Urinary tract infections are one of the leading causes of sepsis within the UK, which in turn is one of the leading causes of death. With the rise in antibacterial resistance alternatives to common place antibiotics are needed. 

A Swansea-based team has explored one alternative, phage therapy, using bacteriophages, viruses which infect bacteria, to treat infections. 


Stablisation of phages for medical use 

There are multiple requirements to bring these therapies to market including optimising their formulation and stabilisation for use in a clinical setting.  

Swansea University’s Healthcare Technology Centre (HTC), as part of the Accelerate programme, has collaborated with isoBio Ltd, and Prof Martha Clokie and Dr Melissa Haines from University of Leicester to explore the stabilisation of three clinically relevant phages for use against urinary tract infections (UTI) pathogens.   

As there is currently little knowledge on the best excipients for formulating phages for long-term storage, distribution and medical applications, HTC were contacted for academic support and produced a comprehensive literature review of current excipients tested for use with phage stabilisation. iosBio Ltd. formulated three different phages against clinically relevant UTI pathogens into two different formulations. HTC then tested these formulations using a range of techniques to establish their effect on phage recovery and subsequent activity.  

This collaboration highlighted the impact of the formulations used both on the recovery of the phage following the drying process and in the range of activity of the phage cocktail. These results have demonstrated a need for further research into how the formulation of phages will be important in determining their storage, distribution and medical application. The literature review also detailed alternative excipients which could be utilised moving forward within this process.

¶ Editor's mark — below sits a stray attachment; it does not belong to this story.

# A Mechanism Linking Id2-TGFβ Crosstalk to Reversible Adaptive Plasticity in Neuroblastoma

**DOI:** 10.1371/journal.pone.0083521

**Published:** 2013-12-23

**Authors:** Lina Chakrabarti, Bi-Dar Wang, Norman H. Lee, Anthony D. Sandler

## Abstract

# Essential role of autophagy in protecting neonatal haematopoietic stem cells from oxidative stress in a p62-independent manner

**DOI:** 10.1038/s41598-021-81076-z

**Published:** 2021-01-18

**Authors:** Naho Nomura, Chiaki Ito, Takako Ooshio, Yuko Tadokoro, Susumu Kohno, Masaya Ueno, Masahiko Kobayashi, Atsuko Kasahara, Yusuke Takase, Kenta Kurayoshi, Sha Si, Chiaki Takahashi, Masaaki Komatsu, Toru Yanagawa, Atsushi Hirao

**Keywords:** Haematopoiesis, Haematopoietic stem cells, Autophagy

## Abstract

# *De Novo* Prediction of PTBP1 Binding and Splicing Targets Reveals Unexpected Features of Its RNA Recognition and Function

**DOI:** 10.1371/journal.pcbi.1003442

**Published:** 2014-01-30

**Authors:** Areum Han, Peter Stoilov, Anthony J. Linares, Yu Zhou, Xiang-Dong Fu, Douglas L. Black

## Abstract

Jeffrey Drew Chief Scientific Officer at Iso Bio Ltd, said: 

“This was a brilliant opportunity to explore another application of our technology. Hopefully with this great PoC data we will be able to expand upon the work to date”.  

Melissa Haines, NIHR Academic Clinical Lecturer in Infectious Diseases and Medical Microbiology at the University of Leicester, said: 

“This was an excellent opportunity provided to progress a collaboration.” 

For more information visit: www.isobioproject.com 

This project is part of the Accelerate programme which is part-funded by the European Regional Development fund, through Welsh Government.